Michael Gove ‘binned’ by staff on strike at Wembley secondary school

An effigy of Michael Gove was binned by the strikers

An effigy of Michael Gove was binned by the strikers - Credit: Archant

Workers from Copland Community School throw out an effigy of the Secretary of State for Education

Staff took industrial action against academy conversion plans for Copland Community School

Staff took industrial action against academy conversion plans for Copland Community School - Credit: Archant

Angry teaching staff binned an effigy of the Secretary of State for Education during a strike today over academy conversion plans for a secondary school in Wembley.

Staff outside the new civic centre

Staff outside the new civic centre - Credit: Archant

Workers from Copland Community School in Cecil Avenue staged a second walkout over the controversial proposals which were announced in May.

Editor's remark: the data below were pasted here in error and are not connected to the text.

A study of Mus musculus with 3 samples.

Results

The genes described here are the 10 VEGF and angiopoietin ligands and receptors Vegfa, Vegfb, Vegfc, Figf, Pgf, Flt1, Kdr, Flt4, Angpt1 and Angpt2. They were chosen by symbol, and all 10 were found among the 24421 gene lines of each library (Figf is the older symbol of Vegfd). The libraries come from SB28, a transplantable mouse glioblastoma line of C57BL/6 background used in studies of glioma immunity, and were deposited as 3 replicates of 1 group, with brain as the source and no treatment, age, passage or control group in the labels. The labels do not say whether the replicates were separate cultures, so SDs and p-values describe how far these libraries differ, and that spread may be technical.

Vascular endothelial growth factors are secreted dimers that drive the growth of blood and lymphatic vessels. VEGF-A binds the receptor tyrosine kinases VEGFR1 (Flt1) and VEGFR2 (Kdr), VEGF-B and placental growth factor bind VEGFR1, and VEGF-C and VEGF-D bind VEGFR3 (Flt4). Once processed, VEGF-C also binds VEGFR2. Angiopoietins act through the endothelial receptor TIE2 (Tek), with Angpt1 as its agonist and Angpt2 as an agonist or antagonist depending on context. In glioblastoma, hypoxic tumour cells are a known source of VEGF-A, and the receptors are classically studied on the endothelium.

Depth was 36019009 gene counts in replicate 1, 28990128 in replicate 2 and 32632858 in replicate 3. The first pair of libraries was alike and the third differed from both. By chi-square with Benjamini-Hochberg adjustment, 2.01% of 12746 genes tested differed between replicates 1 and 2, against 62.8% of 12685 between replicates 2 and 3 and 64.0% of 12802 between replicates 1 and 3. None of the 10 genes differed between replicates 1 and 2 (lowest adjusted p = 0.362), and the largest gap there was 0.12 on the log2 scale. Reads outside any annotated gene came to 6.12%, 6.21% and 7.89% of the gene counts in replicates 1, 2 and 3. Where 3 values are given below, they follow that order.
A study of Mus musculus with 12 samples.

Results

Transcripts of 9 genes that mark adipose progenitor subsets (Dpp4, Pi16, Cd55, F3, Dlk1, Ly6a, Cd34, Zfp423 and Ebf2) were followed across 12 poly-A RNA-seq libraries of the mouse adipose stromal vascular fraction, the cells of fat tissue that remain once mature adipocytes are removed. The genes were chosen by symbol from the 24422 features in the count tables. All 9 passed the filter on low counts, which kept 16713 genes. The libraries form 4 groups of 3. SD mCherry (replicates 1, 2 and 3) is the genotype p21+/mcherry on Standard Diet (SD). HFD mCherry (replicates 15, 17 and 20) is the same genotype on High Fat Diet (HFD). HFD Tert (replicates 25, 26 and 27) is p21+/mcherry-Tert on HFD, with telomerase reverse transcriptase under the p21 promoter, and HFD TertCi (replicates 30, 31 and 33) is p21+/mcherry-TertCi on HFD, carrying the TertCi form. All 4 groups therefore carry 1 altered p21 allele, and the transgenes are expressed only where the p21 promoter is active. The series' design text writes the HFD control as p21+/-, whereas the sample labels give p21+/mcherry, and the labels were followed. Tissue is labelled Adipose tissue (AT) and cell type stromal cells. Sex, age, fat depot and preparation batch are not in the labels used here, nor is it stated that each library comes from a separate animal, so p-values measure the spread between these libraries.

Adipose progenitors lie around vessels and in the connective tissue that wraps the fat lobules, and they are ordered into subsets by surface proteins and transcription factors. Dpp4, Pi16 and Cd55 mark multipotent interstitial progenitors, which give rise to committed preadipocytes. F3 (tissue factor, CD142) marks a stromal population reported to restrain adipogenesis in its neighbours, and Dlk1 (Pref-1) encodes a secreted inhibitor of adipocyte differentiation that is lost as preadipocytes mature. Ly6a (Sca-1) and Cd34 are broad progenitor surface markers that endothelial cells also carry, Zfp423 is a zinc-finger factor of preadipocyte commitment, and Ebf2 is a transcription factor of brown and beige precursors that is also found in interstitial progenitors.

The plans were revealed a week after the troubled school was placed in special measures by education watchdog Ofsted following an inspection.

Once the school adopts the government’s controversial status it will be place with sponsors and revokes control from the local authority.



They then walked the short distance to Brent Council’s new £90m civic centre in Engineer’s Way where Michael Gove’s effigy were put in a dustbin


He added: “The council have refused to listen to what anyone wants to say whether it s staff, teachers or the pupils.

“They can’t wait to wash their hands of this school but we will put up a fight.”

Cllr Michael Pavey, lead member for children and families, said he had met with the unions three times and was willing to meet again.

He added: “I want us to keep talking. I am very keen to listen and discuss.”

The Department for Education said it believed the support of a strong sponsor was the best way to help the schools improve.

The school has had a troubled history and four years ago its head teacher quit followed by his deputy who was sacked.

The pair, alongside four other members of staff, were charged with fraud amid claims they paid themselves illegal bonuses amounting to £2.7m.

They deny the claims and will face trial in September.

The school’s current headteacher Graeme Plunkett is understood to be leaving his post at the end of the term.